Monday, June 14, 2010

American Cancer Society's George Washington Bridge Challenge

Yesterday, I took part in the American Cancer Society's George Washington Bridge Challenge. I'm not calling this a race report because it was not organized like a typical road race. There were no winners, no prize money, no age group awards. Rather the GWB Challenge was a fun run to benefit the American Cancer Society. The event featured 5k and 10k runs as well as 4, 25, 33, and 63 mile bike rides.

What's unique about this event is that the lower level of the bridge is completely shut down to traffic and all runs and bikes begin with participants running or riding an out an back on the lower span of the bridge. I've run on the upper level pedestrian path many times but I thought it would be fun to run in the middle of the bridge where thousands of cars cross each day.

The start of the event was well organized. Cyclists went out first at 7:30 followed by the runners at 7:45. The run on the bridge reminded me a lot of portion of the New York City Marathon that crosses the 59th bridge. Mainly silence except for the breathing and footsteps of the runners. When we got off the bridge, we ran up an emergency egress up to Hudson Terrace. This is where things got a frustrating. When I came off the ramp I heard someone shout "5k and 10k this way." Next thing I know, I'm running towards the Port Authority Building where the run started. I thought "this can't be right" so I ran back down Bruce Reynolds Blvd. and joined a group of runners heading down on Hudson Terrace towards Edgewater. Little did I know they were running the 5k course, this was the second time within a few minutes that I had taken a wrong turn. Once I got my bearings straight, the rest of the run went pretty well. I've been struggling with my speed since the marathon so,  I pushed the pace curious to see what I had. Unfortunately, my Garmin lost its signal while I was on the bridge so my pace and distance were off. The 10k course was quite hilly up Hudson Terrace and on the residential streets of Englewood Cliffs. The run ended in Allison Park, near St. Peter's College.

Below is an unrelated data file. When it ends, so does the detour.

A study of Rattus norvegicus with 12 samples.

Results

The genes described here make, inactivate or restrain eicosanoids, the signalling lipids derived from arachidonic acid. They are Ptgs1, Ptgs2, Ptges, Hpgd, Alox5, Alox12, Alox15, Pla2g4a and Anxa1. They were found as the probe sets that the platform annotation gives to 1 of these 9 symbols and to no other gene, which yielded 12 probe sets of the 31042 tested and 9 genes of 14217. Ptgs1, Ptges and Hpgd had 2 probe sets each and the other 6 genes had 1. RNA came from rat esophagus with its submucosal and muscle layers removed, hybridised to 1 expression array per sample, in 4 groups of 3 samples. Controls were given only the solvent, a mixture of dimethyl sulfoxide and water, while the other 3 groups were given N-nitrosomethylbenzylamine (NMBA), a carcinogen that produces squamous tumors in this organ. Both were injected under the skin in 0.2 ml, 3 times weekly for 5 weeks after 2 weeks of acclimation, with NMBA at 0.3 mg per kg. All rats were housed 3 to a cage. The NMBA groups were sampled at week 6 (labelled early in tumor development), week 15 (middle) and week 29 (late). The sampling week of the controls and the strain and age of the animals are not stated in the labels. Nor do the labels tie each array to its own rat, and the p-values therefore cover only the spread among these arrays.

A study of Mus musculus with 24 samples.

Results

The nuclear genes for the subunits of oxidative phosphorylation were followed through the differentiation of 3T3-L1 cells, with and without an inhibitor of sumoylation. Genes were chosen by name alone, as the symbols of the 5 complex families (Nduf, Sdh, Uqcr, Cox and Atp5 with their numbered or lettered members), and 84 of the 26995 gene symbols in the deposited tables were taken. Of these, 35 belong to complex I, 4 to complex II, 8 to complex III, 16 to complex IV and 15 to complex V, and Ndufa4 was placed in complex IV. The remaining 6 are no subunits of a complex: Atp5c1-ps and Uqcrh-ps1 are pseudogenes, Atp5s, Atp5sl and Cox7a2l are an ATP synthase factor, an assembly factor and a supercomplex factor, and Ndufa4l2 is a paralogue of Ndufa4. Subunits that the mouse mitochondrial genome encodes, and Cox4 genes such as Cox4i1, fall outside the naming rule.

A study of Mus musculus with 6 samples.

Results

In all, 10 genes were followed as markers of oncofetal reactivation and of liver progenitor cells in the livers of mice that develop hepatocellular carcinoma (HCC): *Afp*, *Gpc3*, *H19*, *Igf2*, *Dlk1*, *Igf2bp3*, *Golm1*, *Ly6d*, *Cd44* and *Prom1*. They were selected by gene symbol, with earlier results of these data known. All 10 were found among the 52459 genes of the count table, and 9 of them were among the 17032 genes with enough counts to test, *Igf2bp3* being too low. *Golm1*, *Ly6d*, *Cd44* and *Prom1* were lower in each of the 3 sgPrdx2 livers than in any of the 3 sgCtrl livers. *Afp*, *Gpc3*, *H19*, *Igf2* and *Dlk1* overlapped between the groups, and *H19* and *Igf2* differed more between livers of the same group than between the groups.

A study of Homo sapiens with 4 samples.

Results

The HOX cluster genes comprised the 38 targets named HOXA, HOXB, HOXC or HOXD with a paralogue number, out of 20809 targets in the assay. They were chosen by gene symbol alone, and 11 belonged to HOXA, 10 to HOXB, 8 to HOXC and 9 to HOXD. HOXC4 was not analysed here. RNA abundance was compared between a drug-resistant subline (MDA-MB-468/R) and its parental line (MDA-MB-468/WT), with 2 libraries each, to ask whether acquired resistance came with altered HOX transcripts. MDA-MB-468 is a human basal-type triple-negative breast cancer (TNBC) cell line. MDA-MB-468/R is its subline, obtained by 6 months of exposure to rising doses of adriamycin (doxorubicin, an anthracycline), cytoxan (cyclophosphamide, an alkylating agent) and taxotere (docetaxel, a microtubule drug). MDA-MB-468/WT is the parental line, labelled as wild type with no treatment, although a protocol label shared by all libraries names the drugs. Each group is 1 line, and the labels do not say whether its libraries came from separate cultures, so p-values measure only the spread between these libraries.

Other than getting briefly getting lost, I was happy with the event. It's something to do once for the novelty of it. Best of all, yesterday's event raised over $180,000 for the American Cancer Society. There is still time to make a contribution to the American Cancer Society in support of my run. If you have the means, donations of any amount can be made by clicking here.